Sharon Temple National Historic Site and Museum
East Gwillimbury, Ontario
2019 Ecclesiastical Insurance Cornerstone Award (Resilient Historic Places)
The Sharon Temple is a spectacular structure that has seen over 100 years of sustainable evolution. The structure was built during the 1820s by the Children of Peace, an Upper Canada Quaker faction led by founder David Willson. After his death and the decline of the group, the building fell into disrepair and was abandoned. In one of Canada’s earliest conservation projects, the structure was converted into a museum in 1917 by the York Pioneers and Historical Society. Over the next several decades, the site would expand to include a park and several relocated outbuildings related to the Children of Peace.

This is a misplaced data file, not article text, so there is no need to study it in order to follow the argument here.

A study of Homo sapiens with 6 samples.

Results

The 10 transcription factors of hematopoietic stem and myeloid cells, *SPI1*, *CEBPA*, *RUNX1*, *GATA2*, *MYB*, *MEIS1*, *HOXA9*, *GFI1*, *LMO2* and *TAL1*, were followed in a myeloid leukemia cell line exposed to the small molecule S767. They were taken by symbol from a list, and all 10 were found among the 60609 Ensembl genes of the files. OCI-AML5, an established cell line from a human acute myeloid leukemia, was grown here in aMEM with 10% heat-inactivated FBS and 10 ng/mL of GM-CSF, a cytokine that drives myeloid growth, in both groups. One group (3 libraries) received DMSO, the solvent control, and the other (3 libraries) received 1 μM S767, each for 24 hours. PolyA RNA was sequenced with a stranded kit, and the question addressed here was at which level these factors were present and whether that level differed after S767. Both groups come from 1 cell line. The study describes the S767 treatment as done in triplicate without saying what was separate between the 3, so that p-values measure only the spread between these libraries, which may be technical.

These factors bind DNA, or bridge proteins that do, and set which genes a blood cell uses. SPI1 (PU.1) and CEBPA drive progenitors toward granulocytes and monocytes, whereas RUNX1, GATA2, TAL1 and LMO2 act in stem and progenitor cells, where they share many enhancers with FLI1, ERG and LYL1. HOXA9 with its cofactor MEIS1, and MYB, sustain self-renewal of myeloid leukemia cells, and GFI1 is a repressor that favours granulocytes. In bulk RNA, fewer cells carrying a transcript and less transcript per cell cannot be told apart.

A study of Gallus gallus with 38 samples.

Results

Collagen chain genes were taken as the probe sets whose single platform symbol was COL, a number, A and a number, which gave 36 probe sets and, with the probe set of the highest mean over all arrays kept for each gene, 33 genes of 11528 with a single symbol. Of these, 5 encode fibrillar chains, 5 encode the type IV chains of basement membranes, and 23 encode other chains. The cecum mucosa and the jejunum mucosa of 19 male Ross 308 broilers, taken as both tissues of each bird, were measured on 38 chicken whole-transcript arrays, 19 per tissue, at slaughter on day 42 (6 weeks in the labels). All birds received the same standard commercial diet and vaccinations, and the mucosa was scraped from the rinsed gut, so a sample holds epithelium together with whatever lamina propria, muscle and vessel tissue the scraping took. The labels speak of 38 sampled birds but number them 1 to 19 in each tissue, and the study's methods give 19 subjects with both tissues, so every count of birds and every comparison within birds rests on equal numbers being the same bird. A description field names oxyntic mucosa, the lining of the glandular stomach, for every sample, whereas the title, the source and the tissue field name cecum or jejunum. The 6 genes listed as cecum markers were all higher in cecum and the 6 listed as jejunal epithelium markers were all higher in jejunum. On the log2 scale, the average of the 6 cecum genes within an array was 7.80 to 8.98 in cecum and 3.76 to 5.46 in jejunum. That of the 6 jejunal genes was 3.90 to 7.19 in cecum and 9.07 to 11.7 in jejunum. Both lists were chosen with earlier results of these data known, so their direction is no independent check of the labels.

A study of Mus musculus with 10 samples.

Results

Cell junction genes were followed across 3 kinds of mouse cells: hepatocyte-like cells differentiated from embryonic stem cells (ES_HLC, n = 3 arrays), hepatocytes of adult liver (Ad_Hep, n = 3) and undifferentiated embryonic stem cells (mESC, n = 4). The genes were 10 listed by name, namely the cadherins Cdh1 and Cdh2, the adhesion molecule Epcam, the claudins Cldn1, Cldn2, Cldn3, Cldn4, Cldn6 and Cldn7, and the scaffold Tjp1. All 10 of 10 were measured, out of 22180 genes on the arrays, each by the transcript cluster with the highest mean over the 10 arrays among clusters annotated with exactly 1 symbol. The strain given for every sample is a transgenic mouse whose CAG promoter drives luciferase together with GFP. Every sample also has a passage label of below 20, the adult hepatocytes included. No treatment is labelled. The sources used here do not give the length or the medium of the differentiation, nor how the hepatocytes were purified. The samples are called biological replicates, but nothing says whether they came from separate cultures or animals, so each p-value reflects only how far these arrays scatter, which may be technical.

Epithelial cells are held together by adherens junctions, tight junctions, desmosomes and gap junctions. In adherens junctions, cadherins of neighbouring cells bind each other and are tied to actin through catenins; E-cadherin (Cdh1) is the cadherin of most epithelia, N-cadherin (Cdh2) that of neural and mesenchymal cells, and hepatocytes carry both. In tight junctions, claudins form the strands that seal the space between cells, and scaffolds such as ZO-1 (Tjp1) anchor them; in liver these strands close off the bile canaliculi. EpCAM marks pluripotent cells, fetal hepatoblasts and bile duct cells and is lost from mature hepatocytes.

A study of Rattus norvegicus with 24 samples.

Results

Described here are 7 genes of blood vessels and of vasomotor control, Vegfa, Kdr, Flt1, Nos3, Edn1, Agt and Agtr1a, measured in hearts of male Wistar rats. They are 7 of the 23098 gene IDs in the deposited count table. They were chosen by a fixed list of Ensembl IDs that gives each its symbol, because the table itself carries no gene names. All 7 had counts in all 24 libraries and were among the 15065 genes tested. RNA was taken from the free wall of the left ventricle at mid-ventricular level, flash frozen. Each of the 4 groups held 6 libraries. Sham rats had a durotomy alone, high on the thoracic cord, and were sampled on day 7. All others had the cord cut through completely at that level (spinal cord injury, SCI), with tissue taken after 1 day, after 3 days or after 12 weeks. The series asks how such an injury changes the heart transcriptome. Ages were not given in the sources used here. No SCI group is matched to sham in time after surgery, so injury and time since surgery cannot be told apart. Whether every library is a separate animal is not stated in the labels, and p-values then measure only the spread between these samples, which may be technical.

Now operated by the Sharon Temple Museum Society, the Sharon Temple remains one of the most recognizable buildings in Canada. In 2006, it was named one of the top 10 most architecturally important buildings in Canada by the Toronto Star. To share the values of the Children of Peace with a modern audience, in 2018, the museum staff added a fully accessible, sustainable garden, whose food grown is donated to local food pantries to help vulnerable residents of East Gwillimbury. Throughout the last 100 years, the Sharon Temple has left behind a legacy of equality, social justice, and peace, and remains an important site of historic conservation and remembrance.
Owner: Sharon Temple Museum Society (Lori Woodyatt, Executive Director; and James W. Pearson, President)
Additional Key Players: Tara Roy-DiClemente, Council Liaison, Town of East Gwillimbury
The Sharon Temple National Historic Site and Museum was nominated by Meagan Houston, Executive Director, Ontario Genealogical Society.